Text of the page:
Gender and Communication

‘… it is essential to promote forms of communication that not only challenge the patriarchal nature of media but strive to decentralise and democratise them: to create media that encourage dialogue and debate; media that advance women and peoples' creativity; media that reaffirm women's wisdom and knowledge, and that make people into subjects rather than objects or targets of communication. Media which are responsive to people's needs’
The ‘Bangkok Declaration’, 1994. Español     Français

‘…Strategic objective J.1: Increase the participation and access of women to expression and decision-making in and through the media and new technologies of communication; Strategic objective J.2.: Promote a balanced and non-stereotyped portrayal of women in the media’
—Section J of the ‘Beijing Platform for Action’, 1995.


Who makes the news? is a knowledge, information and resource portal on gender and the media. It is run by the World Association for Christian Communication (WACC), a non-governmental organisation that builds on communication rights in order to promote social justice.  WACC works with all those denied the right to communicate because of status, identity, or gender. It advocates full access to information and communication, and promotes open and diverse media.

WACC’s engagement with gender, media and communication began in 1987 with a series of regional consultations on ‘women and media’ and took place at a time when the role of women in development was slowly being recognized. These consultations culminated in the first-ever global conference on ‘Women Empowering Communication’ held in Bangkok in February 1994, organized by WACC in co-operation with Isis International and the International Women’s Tribune Centre and attended by over 430 people from 80 countries. At the conference, women from all over the world developed a series of strategies and resolutions for empowering women in and through the media in the ‘Bangkok Declaration’.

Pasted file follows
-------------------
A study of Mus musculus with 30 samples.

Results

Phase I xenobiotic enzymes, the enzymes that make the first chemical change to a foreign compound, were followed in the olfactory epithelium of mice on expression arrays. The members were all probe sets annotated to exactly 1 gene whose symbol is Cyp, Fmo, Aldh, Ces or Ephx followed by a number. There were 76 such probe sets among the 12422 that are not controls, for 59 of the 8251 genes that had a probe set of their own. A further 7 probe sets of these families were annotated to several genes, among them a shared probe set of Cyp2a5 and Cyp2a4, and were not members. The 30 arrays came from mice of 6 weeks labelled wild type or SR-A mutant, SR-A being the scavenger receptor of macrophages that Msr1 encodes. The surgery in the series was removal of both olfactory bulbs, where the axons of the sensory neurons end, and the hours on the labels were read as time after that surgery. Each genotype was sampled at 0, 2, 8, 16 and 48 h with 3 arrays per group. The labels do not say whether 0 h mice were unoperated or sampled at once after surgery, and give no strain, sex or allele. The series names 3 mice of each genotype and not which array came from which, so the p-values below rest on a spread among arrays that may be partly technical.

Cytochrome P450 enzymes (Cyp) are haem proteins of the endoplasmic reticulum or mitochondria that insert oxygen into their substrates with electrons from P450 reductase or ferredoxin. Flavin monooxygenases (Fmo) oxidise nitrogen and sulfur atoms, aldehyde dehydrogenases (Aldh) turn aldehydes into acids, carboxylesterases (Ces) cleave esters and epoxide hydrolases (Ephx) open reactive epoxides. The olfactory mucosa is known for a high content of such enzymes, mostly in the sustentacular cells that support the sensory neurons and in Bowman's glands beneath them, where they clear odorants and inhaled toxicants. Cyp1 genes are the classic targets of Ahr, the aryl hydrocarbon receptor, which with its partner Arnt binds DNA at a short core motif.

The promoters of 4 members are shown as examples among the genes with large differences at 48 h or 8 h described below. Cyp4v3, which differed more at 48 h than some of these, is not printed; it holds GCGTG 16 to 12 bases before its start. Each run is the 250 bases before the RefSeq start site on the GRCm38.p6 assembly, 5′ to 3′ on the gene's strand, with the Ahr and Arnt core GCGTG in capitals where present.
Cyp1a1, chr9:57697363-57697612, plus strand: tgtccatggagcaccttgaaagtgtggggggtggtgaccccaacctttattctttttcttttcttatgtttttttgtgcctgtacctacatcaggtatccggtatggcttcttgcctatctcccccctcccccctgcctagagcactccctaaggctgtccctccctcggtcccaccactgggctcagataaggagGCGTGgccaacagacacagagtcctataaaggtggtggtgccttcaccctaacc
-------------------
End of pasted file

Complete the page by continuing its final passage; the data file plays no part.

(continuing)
Thus, the Bangkok Declaration and the recommendations contained in Section J on “Women and the  media” of the Beijing Platform for Action of the 1995 UN Fourth World Conference on Women inform WACC’s interventions in this thematic area. WACC supports women’s use of media for their own empowerment and for the development of their communities. It also advocates full and equal participation of women in public communication so that their multiple and complex interests, experiences and realities become part of the public agenda.

WACC’s work has resulted in an extensive network of individuals and organizations concerned with gender and communication issues, from grassroots activists to academics, faith-based groups and development organisations.

This site profiles the Global Media Monitoring Project (GMMP), WACC’s flagship media monitoring and advocacy initiative running since 1995 that pursues gender inequality in and through the world news media. The site presents initiatives emerging from the GMMP, news, information, resources, as well as work by GMMP network partners in over 100 countries worldwide.